Greater Anglia could soon be the latest TOC to be hit by strike action as RMT members this week voted overwhelmingly in favour of industrial action against the operator.

The union balloted its driver and guard members and 90% voted for strike action from a 75% turnout.

The result will now be considered by the RMT’s executive, who are likely to call strikes in line with the opinion of its membership.

If strikes do go ahead, Greater Anglia will be the fourth TOC alongside Merseyrail, Northern and Southern to be dealing with industrial action over the move to driver-only operated (DOO) trains.

Last week, the RMT also warned that strike action was “looming” on a fourth operator, East Midlands Trains – although this was with regards to a pay dispute rather than issues with DOO.

“Greater Anglia have been given every opportunity to give a guarantee on the future role of the guard on their services,” said union general secretary Mick Cash. “They have failed to do so and that left us with no alternative but to move to a ballot in the interests of rail safety.

“Our members have now voted by massive majorities for action and it’s now down to the company to wake up and take note and to seize the opportunity to give us the very simple assurances on the future of the guards, and the guarantee of a second safety critical member of staff on current services.

“The union remains available for further talks around the crucial issue of the guard guarantee.”

Richard Dean, train service delivery director at Greater Anglia told RTM that obviously, the company were disappointed with the ballot result. 

“We’re keen to talk to the RMT to try and resolve the issues involved and to avert industrial action," he added.  

"We value our conductors highly and we have guaranteed their jobs until the end of our franchise in October 2025. In fact, we will be recruiting additional conductors, as we are replacing all of our trains with brand new trains from 2019, which will enable us to run more services.”


The public is getting sick & tired of Mick Cash and politically motivated trouble making at the RMT. Isn't it time for the government to get of its backside and pass legislation outlawing strikes based on what "might" happen in the future? Until the RMT is actually told by a TOC that conductor's jobs are going away they should be forbidden to strike based on speculation of what might happen.

Andrew Gwilt   14/09/2017 at 03:45

At least the strikes won't be as bad than the strikes on Southern. Hopefully it should last for 24hrs.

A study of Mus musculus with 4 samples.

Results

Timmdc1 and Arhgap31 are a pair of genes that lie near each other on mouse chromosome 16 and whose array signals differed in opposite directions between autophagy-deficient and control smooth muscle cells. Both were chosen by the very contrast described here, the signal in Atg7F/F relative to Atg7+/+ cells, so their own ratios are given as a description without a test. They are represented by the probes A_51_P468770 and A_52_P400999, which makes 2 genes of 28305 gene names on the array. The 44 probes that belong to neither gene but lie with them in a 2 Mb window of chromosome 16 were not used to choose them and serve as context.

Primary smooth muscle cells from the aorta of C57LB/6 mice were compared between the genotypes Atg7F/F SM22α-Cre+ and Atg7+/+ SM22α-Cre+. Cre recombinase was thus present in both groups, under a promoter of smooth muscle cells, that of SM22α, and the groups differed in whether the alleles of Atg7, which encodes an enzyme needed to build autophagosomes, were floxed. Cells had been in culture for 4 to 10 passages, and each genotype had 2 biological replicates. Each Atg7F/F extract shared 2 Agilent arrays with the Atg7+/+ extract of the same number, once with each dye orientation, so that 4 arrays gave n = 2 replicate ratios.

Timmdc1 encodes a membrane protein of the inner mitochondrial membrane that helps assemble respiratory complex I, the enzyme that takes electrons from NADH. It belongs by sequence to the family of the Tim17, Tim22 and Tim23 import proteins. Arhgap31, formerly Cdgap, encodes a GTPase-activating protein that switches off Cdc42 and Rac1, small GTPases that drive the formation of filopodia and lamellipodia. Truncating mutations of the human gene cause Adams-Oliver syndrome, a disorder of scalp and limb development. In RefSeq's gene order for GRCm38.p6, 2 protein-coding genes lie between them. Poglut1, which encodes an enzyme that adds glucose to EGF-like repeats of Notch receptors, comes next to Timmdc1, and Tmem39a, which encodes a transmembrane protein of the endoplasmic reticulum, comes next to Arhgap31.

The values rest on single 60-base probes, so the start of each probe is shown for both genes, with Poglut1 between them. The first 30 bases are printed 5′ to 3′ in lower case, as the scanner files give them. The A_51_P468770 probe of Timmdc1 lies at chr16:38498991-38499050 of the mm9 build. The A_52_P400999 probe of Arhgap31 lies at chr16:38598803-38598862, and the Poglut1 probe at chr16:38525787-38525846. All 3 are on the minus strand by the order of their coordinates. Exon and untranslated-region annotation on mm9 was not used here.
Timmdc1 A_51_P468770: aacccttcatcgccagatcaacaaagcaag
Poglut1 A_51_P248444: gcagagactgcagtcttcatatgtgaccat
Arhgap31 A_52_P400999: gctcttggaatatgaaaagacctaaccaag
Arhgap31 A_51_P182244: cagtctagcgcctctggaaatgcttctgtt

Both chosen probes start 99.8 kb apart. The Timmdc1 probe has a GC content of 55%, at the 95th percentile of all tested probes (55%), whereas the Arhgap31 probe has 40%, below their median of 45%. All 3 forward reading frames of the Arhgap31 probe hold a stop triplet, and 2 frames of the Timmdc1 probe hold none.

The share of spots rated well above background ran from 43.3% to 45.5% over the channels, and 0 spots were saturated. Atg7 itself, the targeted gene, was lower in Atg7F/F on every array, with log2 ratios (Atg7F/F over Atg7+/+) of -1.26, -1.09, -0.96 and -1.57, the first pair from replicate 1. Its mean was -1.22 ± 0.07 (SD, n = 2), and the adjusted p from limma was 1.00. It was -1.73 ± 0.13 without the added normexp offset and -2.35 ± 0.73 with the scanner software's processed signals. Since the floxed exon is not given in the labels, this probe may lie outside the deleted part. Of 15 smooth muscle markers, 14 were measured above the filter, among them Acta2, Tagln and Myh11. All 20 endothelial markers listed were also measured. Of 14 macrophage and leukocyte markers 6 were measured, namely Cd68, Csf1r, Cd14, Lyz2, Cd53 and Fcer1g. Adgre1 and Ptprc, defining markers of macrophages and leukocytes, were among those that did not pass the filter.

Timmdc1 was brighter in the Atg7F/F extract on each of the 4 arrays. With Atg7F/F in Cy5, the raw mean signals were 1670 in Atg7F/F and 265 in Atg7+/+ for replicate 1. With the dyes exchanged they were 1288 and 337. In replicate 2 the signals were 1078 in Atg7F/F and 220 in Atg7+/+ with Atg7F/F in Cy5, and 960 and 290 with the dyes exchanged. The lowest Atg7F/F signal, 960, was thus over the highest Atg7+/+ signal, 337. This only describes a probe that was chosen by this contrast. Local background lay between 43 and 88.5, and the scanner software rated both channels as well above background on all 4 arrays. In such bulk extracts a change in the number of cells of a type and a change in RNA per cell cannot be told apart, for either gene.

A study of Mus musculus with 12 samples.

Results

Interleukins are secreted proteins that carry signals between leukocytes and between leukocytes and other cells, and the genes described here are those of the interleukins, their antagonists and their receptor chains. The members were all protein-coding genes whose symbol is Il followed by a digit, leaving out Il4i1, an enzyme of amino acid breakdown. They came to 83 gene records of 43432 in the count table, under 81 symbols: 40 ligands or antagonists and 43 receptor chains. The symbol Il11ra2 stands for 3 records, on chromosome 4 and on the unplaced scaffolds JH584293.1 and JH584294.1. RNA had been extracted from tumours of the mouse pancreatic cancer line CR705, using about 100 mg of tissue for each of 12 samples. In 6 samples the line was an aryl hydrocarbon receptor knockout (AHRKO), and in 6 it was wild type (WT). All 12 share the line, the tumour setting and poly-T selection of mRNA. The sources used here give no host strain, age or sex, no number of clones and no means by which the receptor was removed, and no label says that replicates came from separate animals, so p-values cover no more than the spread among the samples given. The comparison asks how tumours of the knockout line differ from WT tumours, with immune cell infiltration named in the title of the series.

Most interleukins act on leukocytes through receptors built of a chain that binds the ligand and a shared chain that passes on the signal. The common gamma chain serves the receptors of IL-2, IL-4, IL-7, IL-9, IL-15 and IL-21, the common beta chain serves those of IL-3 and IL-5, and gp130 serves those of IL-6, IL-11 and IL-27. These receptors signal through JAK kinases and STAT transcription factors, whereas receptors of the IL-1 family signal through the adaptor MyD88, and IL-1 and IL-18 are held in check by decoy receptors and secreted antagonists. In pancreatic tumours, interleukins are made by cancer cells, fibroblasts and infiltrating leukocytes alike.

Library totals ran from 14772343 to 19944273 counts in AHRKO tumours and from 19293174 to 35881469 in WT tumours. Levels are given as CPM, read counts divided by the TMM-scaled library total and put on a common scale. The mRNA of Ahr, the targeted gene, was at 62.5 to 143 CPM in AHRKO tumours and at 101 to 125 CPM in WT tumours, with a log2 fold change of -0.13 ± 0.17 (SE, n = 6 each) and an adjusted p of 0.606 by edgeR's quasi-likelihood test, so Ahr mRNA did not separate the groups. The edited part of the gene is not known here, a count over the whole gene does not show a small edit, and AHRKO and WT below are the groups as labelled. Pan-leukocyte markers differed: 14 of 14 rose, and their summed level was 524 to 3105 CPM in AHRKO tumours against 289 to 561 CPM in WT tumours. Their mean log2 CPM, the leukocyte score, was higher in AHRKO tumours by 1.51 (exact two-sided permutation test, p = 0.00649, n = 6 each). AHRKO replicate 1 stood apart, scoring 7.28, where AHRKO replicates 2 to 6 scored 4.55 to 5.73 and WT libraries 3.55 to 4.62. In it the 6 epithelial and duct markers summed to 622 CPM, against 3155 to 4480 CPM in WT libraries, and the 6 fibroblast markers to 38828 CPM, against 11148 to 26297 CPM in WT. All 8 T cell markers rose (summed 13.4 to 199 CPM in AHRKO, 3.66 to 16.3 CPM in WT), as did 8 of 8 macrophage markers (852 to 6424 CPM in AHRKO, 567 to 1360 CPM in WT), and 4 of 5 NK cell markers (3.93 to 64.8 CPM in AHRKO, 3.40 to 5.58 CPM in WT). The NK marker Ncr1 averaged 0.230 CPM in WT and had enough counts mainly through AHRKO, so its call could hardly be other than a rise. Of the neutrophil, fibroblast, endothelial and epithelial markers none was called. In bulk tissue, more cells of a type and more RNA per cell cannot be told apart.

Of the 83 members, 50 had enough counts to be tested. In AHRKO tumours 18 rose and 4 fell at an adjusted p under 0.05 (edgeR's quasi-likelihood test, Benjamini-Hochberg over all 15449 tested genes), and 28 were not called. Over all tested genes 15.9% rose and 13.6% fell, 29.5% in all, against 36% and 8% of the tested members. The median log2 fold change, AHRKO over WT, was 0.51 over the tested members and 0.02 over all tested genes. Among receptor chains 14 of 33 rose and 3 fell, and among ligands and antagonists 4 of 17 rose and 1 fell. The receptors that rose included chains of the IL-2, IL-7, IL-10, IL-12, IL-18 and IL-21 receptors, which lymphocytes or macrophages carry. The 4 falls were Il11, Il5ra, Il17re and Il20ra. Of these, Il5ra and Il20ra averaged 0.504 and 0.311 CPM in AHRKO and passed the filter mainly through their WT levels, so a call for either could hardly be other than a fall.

Paul Coenraats   15/09/2017 at 16:58

Having working in the Industry (in the days of the Western Region) and being involved in an incident where the Drivers was to upset to leave the cab it was left to me (CS&TE) and the Guard to Protect the Train inform the passengers of the situation. I truly believe that trains with only a Driver on are NOT safe. The door closing Issue is not a real problem as they have to shut and ofcourse opened but there has to be a 2nd person on the train for all the obvious reasons that any sensible person can reason for themselves. The Unions have move with the times but also they do have to make sure the right thing is invoked for everybodies safety. The Incident at Parson Green today is a case in point. I rest my case.

Jerry Alderson   15/09/2017 at 18:36

RE: "At least the strikes won't be as bad than the strikes on Southern" This article does not make it clear but, as I understand it, the RMT has only FOUR drivers on GA. Two voted in favour, one voted against and one did not respond. Given that the current diesel trains do not allow the train driver to open/close the doors (as far as I know) then if the conductors are on strike (even if ASLEF drivers were prepared to run the service) there will be no diesel trains running. About 60% of GA's services are DCO+0. However, that equates to around 80% of GA's passengers are on DCO+0 trains. The bi-modes do not arrive until 2019 so we (and I live in 'GA land') could be facing almost two years of disruption on GA's diesel services. Obviously I (and the passengers) hope not. Just to get this really clear...GA intends to 'keep' a second person on every train where there is currently one (i.e. where the train is currently operated by a driver and conductor). By 'keep' I mean employ and roster. There is no intention of reducing staff headcount. I've spoken with GA's MD, Jamie Burles, on this matter, and he is adamant that GA has no intentions to cut on-board costs. I do not know whether GA intends for the train to still operate if the second person (essentially the OBS) does not turn up for duty, become ill on duty, is delayed etc. Personally I would always want my train to run, even if staffing is temporarily degraded, through I accept that I do not have the additional needs that some passengers may have.

Steve B Collins   15/09/2017 at 18:39

RMT needs to strike now because once the new trains are in service they cannot stop trains running (if the ASLEF drivers continue to work). RMT's power disappears in 2019.

Essex Commuter   15/09/2017 at 23:53

I think the strikes could go on for at least 3 days. Unless the strikes are only going to happen for 24 hours or 48 hours. If planned to be a 24 hour strike then it will only affect Mainline services and not all services.

Jerry Alderson   29/10/2017 at 14:23

I was unduly pessimistic in assuming that no diesel trains would run during the RMT strike. Apparently only a handful of trains were cancelled because of a lack of traincrew as managers had been trained up to perform the functions of the conductor and did so. Whether the managers just did the doors or also sold tickets (which obviously requires further training) I do not know. I'd rather have free travel than no travel.